Sicily: A Wine Continent United

Conte Federico Lombardo di Monte Iato, Courtesy of Firriato



The process at Firriato Wine Company begins with terroir, the identity of the native varietals used, and a respect for nature. I was invited to meet with COO Federico Lombardo di Monte Iato who talked about how the vineyards are a mosaic of the “continent” of Sicily reflecting the identity of each vine and the uniqueness of each place.


The History


Federico, who incidentally holds the title of Count, is the son-in-law of Salvatore and Vinzia di Gaetano, founders of the Firriato wine company, established in 1984. He is married to their daughter, Irene, who is chairwoman, for this second generation, family-owned winery.


The name Firriato comes from the rural material culture of western Sicily, where the term was used to indicate the area close to the main house. It is a well-defined and protected area where the most valuable crops were planted.



Favignana Vineyards, Courtesy of Firriato


The company has 470 hectares of vineyards in four estates off the original production area in Etna and the Aegadian Islands in Trapani as well as Cavanera on the volcano and Calamoni on Favignana. They talked about three terroirs – mountain, countryside and marine. The winery is certified as 100 percent organic, it is the first zero impact winery in Italy and was one of the first carbon neutral wineries in the world.



Sicily: A Wine Continent United
Grape Harvest showing the diverse terror, courtesy of Firriato


Federico talked about how Sicily is like a wine continent as it has 12 different orders of soil, 80 native varietals and 13 indigenous varietals accordingly to DOC regulations. He described the region as “an outdoor viticultural lab on one small island.”


His goal is to explore Sicily’s various soil types and climatic conditions to create nuanced wines that are sustainable and protect biodiversity.


Firriato is growing a wide range of grapes from the region, including Nero d’Avola, Perricone, Nerello Mascalese, Zibibbo, Grillo, and Catarratto as well as varietals like Syrah, Cabernet Sauvignon, Merlot, Pinot Noir, and Chardonnay.



Mount Etna Eruption, courtesy of Firriato



The Influence of Mount Etna


Mount Etna is one of the most active volcanoes in the world. Federico explained how it is an evolution of different volcanos over time and it is the most elevated mountain in Sicily. The different climates — xeric, Mediterranean, Mountain, Alpine – result in volcanic soils rich in complex minerals.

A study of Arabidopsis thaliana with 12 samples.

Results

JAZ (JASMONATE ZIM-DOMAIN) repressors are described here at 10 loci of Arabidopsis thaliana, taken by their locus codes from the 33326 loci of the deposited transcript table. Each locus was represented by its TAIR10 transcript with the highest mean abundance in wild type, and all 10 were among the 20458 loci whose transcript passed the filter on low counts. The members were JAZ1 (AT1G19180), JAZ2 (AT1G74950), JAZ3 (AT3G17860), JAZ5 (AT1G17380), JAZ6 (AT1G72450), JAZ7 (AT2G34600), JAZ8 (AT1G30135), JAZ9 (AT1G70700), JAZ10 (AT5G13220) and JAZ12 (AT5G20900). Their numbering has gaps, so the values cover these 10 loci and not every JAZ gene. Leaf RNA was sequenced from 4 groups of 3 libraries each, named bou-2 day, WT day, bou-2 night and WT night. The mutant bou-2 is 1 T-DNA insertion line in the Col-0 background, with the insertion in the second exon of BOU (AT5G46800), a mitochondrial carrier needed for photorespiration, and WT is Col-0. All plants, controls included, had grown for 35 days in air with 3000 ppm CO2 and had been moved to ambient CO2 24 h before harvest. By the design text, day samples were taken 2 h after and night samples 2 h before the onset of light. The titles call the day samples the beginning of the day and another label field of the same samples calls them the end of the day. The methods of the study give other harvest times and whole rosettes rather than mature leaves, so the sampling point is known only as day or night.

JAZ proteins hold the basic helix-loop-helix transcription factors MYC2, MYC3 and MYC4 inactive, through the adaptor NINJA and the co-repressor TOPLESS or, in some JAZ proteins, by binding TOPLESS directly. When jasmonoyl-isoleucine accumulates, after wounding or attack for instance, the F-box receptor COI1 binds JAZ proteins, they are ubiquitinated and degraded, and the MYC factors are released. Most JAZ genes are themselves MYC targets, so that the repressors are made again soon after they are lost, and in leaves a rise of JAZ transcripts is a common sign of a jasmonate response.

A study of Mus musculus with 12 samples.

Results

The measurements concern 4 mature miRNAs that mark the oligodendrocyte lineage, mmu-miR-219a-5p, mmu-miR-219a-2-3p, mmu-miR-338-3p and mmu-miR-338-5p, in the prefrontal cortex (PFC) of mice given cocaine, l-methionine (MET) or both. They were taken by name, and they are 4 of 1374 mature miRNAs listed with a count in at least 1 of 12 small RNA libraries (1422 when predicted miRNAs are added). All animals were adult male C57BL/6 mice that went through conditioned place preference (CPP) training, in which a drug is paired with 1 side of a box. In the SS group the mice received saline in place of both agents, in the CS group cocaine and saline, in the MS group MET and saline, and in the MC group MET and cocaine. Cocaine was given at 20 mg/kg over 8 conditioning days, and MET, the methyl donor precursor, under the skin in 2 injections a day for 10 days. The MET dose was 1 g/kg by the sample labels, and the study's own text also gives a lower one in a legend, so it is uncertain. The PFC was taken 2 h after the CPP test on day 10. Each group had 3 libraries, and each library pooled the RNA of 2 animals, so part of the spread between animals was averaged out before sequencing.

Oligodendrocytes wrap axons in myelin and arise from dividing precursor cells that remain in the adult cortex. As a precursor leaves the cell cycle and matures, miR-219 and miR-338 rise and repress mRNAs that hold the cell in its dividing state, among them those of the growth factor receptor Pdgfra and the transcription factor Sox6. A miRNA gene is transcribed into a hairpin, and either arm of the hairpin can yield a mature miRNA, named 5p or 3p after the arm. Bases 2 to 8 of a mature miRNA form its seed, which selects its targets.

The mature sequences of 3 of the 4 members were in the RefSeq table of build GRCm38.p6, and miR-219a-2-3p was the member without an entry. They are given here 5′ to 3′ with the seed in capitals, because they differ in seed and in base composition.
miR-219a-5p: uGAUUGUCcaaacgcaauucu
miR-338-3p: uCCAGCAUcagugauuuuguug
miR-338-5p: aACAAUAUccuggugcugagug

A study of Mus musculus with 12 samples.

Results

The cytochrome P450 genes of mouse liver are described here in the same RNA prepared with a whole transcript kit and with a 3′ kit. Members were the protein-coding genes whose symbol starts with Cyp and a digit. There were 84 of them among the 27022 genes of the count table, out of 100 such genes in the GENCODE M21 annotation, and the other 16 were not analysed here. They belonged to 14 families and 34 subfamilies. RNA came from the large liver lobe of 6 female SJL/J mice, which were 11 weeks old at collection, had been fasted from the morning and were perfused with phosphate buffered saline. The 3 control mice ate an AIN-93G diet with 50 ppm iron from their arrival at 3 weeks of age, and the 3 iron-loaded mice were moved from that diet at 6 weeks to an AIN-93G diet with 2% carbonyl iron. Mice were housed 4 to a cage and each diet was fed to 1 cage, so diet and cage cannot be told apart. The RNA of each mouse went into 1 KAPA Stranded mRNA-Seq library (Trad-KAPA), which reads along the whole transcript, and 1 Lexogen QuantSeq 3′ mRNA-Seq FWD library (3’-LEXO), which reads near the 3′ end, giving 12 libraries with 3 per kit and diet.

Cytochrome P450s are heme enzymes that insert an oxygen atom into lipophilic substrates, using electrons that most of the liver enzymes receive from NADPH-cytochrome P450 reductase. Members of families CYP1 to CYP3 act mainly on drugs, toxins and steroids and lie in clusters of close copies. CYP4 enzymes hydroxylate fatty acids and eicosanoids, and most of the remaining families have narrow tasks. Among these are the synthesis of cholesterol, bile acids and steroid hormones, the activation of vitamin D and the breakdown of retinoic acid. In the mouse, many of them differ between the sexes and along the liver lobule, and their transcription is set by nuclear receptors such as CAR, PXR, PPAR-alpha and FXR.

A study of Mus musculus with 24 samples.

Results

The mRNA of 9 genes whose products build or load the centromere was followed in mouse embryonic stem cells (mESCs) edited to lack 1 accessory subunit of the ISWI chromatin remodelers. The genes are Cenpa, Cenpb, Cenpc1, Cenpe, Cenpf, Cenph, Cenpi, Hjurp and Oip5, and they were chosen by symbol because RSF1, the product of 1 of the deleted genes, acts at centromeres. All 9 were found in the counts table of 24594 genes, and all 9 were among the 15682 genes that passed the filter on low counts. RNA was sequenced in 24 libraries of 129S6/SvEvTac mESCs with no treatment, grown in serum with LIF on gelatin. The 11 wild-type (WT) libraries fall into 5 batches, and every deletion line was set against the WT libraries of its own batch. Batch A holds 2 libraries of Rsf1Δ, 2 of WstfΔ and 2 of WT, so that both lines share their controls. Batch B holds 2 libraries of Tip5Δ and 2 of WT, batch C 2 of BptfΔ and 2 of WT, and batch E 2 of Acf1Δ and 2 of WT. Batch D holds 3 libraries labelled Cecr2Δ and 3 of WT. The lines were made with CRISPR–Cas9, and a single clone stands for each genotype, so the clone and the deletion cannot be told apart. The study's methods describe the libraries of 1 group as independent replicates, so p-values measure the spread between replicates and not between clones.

Firriato has 207 acres of vineyards in 12 different subzones called Contrada, which are planted at 1,800 to 3,000 feet on the Northern side of volcano. These different single vineyards, which are certified pre-phylloxera vineyards, are about 150 years old. They also have an experimental vineyard containing unknown varietals. The first vintage was back in 1994.


The Wines



Our wine line-up, courtesy of Firriato



  • 2020 Firriato “Le Sabbie dell’Etna” – literally meaning the sands of Etna you literally can taste the salinity in this wine from the volcanic soil. It’s made from 60 percent Carricante and 40 percent Catarratto grapes. I tasted minerality, stone, salt, tree fruit, citrus and it had nice acidity and balance. It had also had some complexity.
  • 2020 Firriato Le Sabbie Dell-Etna Rosato – made of 100 percent Nerello it reflected the sandy volcanic soils. A delicate pink in the glass, it had intensity on the nose, and you could first taste raspberry and pomegranate and then the minerality set in with apple, cherry, and a nice creaminess.
  • 2020 Firriato Le Sabbie Dell-Etna – translating to “red, fire and passion” this wine is made from Nerello Mascalese and Nerello Cappuccio. The minerality shines through here again with balanced notes of cherry, violet, licorice, and pepper.



Sicily: A Wine Continent United
The balance of nature and man, courtesy of Firriato



I know we hear the phrase “sense of place” often in the wine world, but clearly, there is a delicate balance between the quality of Firriato Wines and the uncertainties of operating in the shadow of a live volcano. And it’s a symbiotic relationship lasting for three decades based on respect and honor of the land.